The innards of the SE310 aren't much different from those of the E4c. In fact, the technology is the same. Shure has just changed the name from High-Definition Driver to Hi-Definition MicroSpeaker to clarify that it is indeed a piece of hardware, as most people think of "drivers" as software. Unlike the V-Moda Bass Freq, which uses an inexpensive coil speaker (hence the low price), the tiny units in the SE310 are balanced armature speakers, which allow for more precise sound.
There is one internal factor that differentiates the SE310 from the E4c, and that's the size of the port. That is, the size of the hole where the music comes out is larger on the SE310, which means the earphones offer an enhanced low-end response. Truthfully, I expected it would be pretty hard to tell the difference, but I could indeed detect a noticeable difference: the SE310's bass response is weightier and more encompassing than that of the E4c.
As far as overall audio quality is concerned, the SE310s sound as you might expect from a $250 pair of headphones: fantastic. I experienced excellent response, range, and warmth across all genres of music. The triangle in Jem's "Finally Woken" pinged away with excellent clarity, and the underlying bass in The Chemical Brothers' "Block Rockin' Beats" made me feel rather as if I were inside a speaker. I did notice one potentially negative quality: the bass can overshadow other low-end sounds in beat-heavy tracks. In Kanye West's "Gold Digger" for example, there's a blues piano accompanying the rhythm. The piano is quite clear with the Shure E4c, but slightly less so with the SE310.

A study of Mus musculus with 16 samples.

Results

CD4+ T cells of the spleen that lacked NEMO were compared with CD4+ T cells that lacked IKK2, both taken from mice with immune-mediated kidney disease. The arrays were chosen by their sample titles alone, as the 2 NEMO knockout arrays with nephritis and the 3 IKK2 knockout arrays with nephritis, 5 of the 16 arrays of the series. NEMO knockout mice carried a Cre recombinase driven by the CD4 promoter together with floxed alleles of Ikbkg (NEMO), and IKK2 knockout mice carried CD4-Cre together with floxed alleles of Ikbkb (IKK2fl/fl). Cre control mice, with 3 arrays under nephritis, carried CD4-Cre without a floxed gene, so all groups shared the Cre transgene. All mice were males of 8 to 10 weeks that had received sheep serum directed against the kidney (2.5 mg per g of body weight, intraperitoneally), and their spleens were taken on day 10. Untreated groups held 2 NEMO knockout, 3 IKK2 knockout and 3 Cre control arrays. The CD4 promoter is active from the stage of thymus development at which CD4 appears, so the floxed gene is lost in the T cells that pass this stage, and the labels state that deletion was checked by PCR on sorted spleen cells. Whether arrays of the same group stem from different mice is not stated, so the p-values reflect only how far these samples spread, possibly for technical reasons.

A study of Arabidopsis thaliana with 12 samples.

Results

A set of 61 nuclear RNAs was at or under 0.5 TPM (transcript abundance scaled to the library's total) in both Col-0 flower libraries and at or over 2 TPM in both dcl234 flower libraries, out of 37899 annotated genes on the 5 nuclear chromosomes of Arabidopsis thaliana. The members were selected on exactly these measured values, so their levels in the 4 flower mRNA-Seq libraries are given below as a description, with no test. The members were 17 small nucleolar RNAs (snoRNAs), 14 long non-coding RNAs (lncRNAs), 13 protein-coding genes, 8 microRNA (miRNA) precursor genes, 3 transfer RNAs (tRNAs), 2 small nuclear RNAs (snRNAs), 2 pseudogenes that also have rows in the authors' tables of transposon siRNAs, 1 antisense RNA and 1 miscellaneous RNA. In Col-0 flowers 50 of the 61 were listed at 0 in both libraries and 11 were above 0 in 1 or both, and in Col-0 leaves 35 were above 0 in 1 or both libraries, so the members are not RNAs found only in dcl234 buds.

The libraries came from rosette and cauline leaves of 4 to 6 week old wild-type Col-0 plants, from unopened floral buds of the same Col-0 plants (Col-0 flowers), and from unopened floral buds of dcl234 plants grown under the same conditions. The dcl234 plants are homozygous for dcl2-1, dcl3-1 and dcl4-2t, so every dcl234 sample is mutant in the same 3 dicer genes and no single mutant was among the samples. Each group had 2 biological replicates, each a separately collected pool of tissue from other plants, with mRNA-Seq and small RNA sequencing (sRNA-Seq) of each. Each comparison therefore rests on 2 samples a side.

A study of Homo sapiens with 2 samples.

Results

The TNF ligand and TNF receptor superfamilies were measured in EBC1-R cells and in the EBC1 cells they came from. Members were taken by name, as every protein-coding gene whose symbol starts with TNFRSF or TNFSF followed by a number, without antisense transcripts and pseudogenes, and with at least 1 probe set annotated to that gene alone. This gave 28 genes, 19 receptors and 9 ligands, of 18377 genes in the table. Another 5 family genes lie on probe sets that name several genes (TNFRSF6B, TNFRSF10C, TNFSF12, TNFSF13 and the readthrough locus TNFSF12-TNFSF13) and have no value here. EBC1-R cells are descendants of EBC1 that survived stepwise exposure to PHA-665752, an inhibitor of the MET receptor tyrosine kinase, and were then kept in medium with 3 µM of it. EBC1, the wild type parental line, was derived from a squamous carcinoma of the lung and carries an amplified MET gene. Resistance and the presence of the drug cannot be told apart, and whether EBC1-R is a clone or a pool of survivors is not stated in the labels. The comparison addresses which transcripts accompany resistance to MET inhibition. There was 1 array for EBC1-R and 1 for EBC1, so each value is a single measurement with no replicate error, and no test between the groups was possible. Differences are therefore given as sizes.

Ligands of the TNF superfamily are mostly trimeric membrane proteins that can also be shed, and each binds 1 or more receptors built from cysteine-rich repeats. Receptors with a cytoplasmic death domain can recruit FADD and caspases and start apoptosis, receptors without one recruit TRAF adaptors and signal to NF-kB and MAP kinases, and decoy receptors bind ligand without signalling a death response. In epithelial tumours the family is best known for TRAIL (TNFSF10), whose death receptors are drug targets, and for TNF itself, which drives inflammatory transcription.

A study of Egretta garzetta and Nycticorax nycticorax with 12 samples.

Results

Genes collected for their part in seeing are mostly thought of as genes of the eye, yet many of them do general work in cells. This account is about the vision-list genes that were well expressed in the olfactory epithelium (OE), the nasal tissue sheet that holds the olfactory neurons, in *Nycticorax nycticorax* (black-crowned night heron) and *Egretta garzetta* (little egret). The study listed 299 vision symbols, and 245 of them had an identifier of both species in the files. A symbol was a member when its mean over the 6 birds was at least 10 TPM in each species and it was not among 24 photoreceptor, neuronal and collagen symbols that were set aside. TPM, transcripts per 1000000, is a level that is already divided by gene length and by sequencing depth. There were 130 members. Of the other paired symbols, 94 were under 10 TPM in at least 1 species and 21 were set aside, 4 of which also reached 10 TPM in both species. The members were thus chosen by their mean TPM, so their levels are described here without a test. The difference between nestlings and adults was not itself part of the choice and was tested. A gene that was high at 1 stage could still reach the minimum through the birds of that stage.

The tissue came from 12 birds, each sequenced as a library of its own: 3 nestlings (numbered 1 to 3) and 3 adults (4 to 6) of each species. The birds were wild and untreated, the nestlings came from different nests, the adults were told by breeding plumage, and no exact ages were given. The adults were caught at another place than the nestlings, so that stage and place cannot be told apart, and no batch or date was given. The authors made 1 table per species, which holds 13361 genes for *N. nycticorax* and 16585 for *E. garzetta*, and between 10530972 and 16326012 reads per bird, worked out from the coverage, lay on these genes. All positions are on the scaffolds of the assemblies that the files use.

So the question remains: should you upgrade from the Shure E4c to the SE310? Well, that depends. The E4c earphones offer a more balanced sound spectrum overall; as a result, you get a bit more detail in your music. However, if you want to experience more bass response, the SE310s will please your ears the most.